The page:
Todoroki: Where sushi meets sport

    When Grace Chan heard talk of a sushi-eating contest at Evanston’s beloved Todoroki in spring of 2014, it felt like fate.

    Though Chan (WCAS '14) had never competed professionally in the realm of speedy snacking, she was known among her friends as quite the gluttonous eater. Testing out her skills in an actual contest, and in Evanston, no less, seemed like a no-brainer.

    With an eager appetite and an empty stomach, Chan trotted into Todoroki for the Japanese restaurant’s second annual sushi-eating contest on April 6, 2014, with determination.

    “I was really excited because everybody was there supporting me and they had so much faith in me that I would be really embarrassed if I didn’t win,” said Chan, now an NU alumna and second-year student at Loyola University Chicago’s Stritch School of Medicine.

    Chan’s carefully calculated strategy – bite, swallow, rinse, repeat – guided her taste buds through a platter of 50 California rolls, all of which she devoured (see: inhaled) in about three measly minutes, the fastest time among the ten female contestants.

    “My stomach didn’t register that I was really full until a little bit after, because the adrenaline was still keeping me from feeling it,” Chan said. “I did end up pretty full, though, and I had to nap it off.”

    Those looking to haul their stomachs through a similar calorie-packed journey have the opportunity to do so in the third annual Todoroki sushi-eating contest at 3 p.m. this Halloween.

    “We try to think of events like this so community members can learn about the restaurant and learn that the restaurant has a very fun and vibrant atmosphere,” Wendy Cheng, owner of Todoroki, said. “That’s the brand that we carry.”

    Todoroki initiated its first sushi-eating contest in October 2012 as the effect of a natural, unintended push from customers.

    “[The contest] originated from customers who liked doing the all-you-can-eat,” Cheng said. “It just began organically, because students generally like to compete amongst themselves while they’re having dinner, to see who can eat the most sushi.”

    With that observation in mind, Cheng and her fellow Todoroki staff got to work organizing a speed eating competition modeled after the annual Nathan’s Famous Hot Dog Eating Contest in Coney Island, New York. Unsurprisingly, the first contest was a hit among Northwestern students and has remained a tradition for the sushi hub ever since.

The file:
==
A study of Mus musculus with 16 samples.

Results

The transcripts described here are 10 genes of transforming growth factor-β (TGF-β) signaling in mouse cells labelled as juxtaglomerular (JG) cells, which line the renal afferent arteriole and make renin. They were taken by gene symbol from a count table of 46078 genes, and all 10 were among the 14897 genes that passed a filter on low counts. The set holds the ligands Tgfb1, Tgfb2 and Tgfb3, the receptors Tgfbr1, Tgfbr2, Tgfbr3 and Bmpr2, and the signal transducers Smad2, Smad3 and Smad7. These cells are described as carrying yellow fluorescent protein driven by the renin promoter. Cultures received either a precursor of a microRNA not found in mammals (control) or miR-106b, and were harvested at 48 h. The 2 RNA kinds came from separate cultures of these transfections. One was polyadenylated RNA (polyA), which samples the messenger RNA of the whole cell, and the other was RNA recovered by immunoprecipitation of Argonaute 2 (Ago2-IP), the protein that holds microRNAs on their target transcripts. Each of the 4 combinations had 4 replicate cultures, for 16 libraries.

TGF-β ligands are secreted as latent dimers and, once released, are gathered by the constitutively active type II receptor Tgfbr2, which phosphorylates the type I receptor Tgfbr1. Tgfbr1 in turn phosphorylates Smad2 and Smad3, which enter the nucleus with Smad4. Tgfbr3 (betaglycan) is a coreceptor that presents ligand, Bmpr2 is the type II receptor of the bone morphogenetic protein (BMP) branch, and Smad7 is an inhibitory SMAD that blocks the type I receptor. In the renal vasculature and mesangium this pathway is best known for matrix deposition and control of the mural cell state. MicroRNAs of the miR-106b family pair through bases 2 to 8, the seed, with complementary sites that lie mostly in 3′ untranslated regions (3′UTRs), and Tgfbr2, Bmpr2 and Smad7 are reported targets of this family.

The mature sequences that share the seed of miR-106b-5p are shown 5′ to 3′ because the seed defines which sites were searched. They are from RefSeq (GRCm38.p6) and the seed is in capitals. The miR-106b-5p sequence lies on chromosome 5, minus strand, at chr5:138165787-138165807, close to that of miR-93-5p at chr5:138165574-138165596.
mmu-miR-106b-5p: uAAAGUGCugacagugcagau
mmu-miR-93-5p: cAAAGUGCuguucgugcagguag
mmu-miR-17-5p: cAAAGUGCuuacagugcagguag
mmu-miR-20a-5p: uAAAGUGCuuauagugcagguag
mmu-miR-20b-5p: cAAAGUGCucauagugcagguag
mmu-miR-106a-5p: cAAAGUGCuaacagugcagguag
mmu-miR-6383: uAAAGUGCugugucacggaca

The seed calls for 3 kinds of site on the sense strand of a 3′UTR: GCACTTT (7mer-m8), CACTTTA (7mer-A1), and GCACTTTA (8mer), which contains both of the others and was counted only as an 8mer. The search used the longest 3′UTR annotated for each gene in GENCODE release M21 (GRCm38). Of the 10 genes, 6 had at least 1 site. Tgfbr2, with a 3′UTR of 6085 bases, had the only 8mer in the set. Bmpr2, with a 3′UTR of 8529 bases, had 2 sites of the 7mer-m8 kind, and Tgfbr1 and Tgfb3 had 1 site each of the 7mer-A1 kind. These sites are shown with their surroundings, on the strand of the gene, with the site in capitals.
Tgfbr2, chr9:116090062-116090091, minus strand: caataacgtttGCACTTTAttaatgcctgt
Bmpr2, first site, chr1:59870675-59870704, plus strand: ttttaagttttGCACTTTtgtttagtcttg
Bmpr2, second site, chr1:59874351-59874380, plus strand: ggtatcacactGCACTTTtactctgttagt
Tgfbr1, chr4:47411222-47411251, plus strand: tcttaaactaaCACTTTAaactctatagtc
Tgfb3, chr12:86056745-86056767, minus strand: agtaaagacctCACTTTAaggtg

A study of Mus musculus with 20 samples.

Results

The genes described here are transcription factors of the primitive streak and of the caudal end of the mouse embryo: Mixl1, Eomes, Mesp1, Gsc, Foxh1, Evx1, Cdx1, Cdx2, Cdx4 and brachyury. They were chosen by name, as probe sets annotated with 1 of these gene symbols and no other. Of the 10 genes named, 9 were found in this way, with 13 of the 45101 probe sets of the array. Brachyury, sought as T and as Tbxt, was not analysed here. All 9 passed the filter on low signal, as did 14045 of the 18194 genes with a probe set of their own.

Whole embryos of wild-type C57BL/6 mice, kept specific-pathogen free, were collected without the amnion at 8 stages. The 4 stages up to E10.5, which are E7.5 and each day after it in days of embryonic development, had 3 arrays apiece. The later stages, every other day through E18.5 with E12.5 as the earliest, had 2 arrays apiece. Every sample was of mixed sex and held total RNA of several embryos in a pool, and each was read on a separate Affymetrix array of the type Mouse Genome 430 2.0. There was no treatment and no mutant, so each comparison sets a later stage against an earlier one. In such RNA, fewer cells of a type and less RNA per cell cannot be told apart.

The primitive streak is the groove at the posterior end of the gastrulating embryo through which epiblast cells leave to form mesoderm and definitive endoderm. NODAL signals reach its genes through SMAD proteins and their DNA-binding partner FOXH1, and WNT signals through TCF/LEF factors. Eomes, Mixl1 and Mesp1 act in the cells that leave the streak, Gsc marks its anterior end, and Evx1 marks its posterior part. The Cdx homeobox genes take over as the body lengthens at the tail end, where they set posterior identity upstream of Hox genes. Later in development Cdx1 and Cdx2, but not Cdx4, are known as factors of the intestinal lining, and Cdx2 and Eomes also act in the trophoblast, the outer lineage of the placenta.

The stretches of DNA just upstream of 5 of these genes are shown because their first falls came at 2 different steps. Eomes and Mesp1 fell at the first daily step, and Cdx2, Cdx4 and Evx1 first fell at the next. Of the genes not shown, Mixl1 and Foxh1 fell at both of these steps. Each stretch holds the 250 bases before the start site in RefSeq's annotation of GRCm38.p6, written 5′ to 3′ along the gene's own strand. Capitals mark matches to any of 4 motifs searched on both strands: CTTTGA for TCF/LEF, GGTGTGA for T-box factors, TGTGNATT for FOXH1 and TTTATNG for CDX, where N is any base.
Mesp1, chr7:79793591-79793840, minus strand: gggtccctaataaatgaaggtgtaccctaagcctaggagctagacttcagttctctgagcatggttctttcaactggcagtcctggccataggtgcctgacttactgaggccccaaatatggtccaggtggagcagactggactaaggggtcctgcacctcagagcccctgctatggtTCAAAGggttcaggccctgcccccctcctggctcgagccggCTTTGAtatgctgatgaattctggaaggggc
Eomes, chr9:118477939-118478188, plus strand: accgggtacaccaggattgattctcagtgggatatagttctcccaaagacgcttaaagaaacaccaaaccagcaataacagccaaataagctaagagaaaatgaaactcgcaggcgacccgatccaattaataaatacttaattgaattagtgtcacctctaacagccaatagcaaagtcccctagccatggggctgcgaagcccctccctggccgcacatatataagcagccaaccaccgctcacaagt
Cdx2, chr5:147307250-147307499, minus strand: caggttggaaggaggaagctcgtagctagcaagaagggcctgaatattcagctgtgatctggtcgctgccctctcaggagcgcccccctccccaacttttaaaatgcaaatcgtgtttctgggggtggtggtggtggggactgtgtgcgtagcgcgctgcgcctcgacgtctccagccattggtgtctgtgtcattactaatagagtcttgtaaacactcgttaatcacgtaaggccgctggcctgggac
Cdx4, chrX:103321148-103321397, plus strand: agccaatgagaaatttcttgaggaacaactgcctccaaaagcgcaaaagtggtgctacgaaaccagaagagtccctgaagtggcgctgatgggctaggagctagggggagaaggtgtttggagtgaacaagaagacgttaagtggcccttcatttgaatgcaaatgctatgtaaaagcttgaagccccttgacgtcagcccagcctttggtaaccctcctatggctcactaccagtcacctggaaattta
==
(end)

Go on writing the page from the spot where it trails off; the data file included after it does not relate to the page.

This year’s contest tests speed over quantity, as competitors will race to see who can wipe out ten California rolls the quickest within a two-minute period. The motive? An esteemed “golden ticket” for both the male and female champions, worth free all-you-can-eat sushi once a week, all winter quarter.

    Due to an excessive amount of demand to compete and a limited number of available spots, participants will be chosen randomly from a raffle, open for registration during the half-hour prior to the event.

    In addition, Todoroki handed out two automatic seats at the competitors table during a raffle at Evanston’s Big Bite Night on Sunday, October 4. McCormick junior Brandon Bay was one the lucky draws.

    “To be honest, considering I’m going to be competing against 15 people, many of which are probably much more seasoned eaters than I am, I’m just looking forward to a free plate of sushi and a good time,” Bay said.

    The restaurant is also offering up a guaranteed contestant spot to anyone who can show up to the competition with the largest mob of “fans.” In addition, this acclaimed “fan favorite” will receive a $100 Todoroki gift card.

    “If you’re able to bring such an entourage of people to support you, we want to make sure you have a seat,” Cheng said. “We think this is a very doable challenge.”

    If guzzling down spools of crab meat isn’t your thing, Todoroki offers an incentive for devoted spectators as well. In the spirit of Halloween, the audience member with the best costume will win a free dinner with one guest, redeemable later that evening.

    Cheng said the community response to the contest has been overwhelmingly positive since that first competition three years ago. To keep up with all of the hype, in the coming weeks, Todoroki is kicking off a new program that allows private organizations and student groups to host their own sushi-eating contests at the restaurant.

    “The feedback we’ve gotten is that we don’t have [the contest] often enough, so we’re happy to organize it for people, for groups that want to hold it amongst themselves and have their own separate contest,” Cheng said.

    Todoroki tested this program out in March 2014 by holding a private competition for Northwestern’s Interfraternity Council. This contest received rave reviews from participants, so the restaurant is opening it up to all student groups this year, allowing organizations to experience the messy affair of competitive eating in a private setting.

    Whether going to watch or yearning to compete, those who attend Todoroki’s treasured contests can look forward to an afternoon of tasty food, fierce competition and, of course, incredible people-watching.

    “There’s really nothing to lose at the Todoroki sushi-eating contest,” Chan said. “There’s free food no matter what. It’s kind of too good to be true.”